On Saturday governor confirms third coronavirus death in Florida

Gov. Ron DeSantis on Saturday banned most visits to nursing homes statewide as he acknowledged the coronavirus has likely spread into the general population. Meanwhile, officials reported to Historic City News that world-famous South Beach had been closed to prevent college spring breakers from congregating.

The Associated Press is reporting that hours after DeSantis held a news conference at the state’s emergency management headquarters, health officials confirmed the death of a 77-year-old Lee County man who previously tested positive for COVID-19.

“We’re still going forward as if there are pockets in the community because I think that it is the only responsible thing to do when you have a virus that is highly contagious,” DeSantis said.

The new coronavirus causes only mild or moderate symptoms, such as fever and cough, for most people, but older adults and those with existing health problems can develop severe complications, including pneumonia.  The latest fatality, the third in Florida so far, did not contract the infection through travel; suggesting that  he likely acquired it through contact made within the community.

During his news conference, DeSantis said three infected Broward County residents also have no known connection to a virus source such as travel to China or Europe or contact with someone who just returned. That means they, too, likely acquired it in the community, although the governor said a final determination hasn’t been made.

The state’s known infections now exceed 60 as the numbers jumped by a third Saturday, according to AP reporting.

  • DeSantis and Health Care Secretary Mary Mayhew said while it will be frustrating for relatives not to visit loved ones in nursing homes, the ban is needed to prevent the virus’s spread among the frail and elderly. Exceptions will be made for visitations to patients who are near death.
  • Surgeon General Scott Rivkees also announced the state is working with its universities to organize epidemiologists on their staffs to work temporarily for the state to bolster its efforts at tracking the disease. He said exact plans are being worked out.
  • Meanwhile, Miami Beach Police ordered hundreds of spring breakers and other tourists off South Beach late Saturday to avoid large group gatherings that could spread the disease. South Beach is a popular party spot for college students and others from around the world.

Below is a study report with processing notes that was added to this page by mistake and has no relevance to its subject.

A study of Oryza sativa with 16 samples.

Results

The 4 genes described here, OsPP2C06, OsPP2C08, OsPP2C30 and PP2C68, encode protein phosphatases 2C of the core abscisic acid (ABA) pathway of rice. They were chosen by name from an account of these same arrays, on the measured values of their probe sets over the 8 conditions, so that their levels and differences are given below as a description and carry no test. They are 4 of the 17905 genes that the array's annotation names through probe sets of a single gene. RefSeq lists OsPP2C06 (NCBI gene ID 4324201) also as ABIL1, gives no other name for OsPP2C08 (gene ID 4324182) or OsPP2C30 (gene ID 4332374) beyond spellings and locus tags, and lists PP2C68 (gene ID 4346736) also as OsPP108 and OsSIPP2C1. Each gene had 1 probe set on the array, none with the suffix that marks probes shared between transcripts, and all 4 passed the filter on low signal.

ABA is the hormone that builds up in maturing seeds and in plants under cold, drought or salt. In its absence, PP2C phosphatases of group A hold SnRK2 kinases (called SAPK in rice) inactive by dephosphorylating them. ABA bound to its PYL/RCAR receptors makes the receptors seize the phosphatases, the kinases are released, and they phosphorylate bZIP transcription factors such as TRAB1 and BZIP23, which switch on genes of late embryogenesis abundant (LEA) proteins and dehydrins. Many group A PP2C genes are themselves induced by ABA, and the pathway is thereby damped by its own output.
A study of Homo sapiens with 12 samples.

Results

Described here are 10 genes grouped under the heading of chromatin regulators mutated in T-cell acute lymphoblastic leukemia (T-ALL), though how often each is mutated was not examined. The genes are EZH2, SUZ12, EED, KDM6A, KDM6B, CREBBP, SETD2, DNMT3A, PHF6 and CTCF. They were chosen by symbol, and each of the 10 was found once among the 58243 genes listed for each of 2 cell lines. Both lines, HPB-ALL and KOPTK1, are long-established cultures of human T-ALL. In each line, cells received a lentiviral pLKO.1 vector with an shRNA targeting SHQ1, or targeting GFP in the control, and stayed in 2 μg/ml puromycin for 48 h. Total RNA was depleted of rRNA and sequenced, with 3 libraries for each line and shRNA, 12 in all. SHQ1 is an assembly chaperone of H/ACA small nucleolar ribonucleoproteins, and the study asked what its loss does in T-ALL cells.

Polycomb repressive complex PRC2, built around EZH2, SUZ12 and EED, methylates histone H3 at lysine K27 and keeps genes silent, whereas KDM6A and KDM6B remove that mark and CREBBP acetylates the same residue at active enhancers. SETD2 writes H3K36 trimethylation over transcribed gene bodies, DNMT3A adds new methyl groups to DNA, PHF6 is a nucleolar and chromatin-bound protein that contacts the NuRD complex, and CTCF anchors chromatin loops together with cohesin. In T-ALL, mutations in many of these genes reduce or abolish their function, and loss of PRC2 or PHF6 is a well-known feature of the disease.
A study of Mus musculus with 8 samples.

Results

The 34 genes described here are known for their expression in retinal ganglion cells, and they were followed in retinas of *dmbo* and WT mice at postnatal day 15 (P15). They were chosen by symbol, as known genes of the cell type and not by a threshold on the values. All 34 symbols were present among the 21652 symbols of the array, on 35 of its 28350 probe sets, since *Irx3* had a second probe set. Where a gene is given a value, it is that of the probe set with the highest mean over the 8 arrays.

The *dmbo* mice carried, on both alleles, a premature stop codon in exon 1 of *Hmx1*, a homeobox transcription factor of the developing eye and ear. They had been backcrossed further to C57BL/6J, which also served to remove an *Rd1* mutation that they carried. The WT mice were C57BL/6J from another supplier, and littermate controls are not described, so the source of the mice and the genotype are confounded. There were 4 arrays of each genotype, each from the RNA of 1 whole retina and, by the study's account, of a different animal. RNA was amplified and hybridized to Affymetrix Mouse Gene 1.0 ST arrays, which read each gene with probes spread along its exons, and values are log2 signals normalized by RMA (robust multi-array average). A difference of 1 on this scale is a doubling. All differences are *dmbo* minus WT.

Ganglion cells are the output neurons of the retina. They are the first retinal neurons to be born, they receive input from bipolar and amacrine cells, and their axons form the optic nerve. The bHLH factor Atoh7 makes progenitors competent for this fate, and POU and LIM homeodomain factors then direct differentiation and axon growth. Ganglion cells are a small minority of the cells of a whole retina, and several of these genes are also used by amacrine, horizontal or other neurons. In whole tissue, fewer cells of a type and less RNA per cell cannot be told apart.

• Earlier Saturday, state Agriculture Commissioner Nikki Fried announced the state plans to keep providing free and reduced-cost meals to 2 million low-income students while the state’s 4,500 public schools are closed through at least March 30.
  • DeSantis has activated the National Guard and the state is purchasing 625,000 testing kits. Most in-person court proceedings have been suspended for two weeks, although judges can choose to conduct some by video or phone if legally allowed.

There have been about 500 negative test results statewide and more than 350 people are being monitored. According to the World Health Organization, people with mild illness recover in about two weeks, while those with more severe illness may take three to six weeks to recover. The virus has infected more than 150,000 people worldwide and killed over 5,600.

  • Publix, the state’s largest grocery store chain, announced that it would close its stores daily at 8 p.m. — three hours early for most. The company said that would give its employees more time to fully clean stores and restock shelves.
  • Walt Disney World, Universal Orlando Resort, SeaWorld and Busch Gardens have all announced they will be closed starting Monday. Disney said it will keep its hotels and its Disney Springs shopping area open, however. All major cruise ship lines have also suspended operations.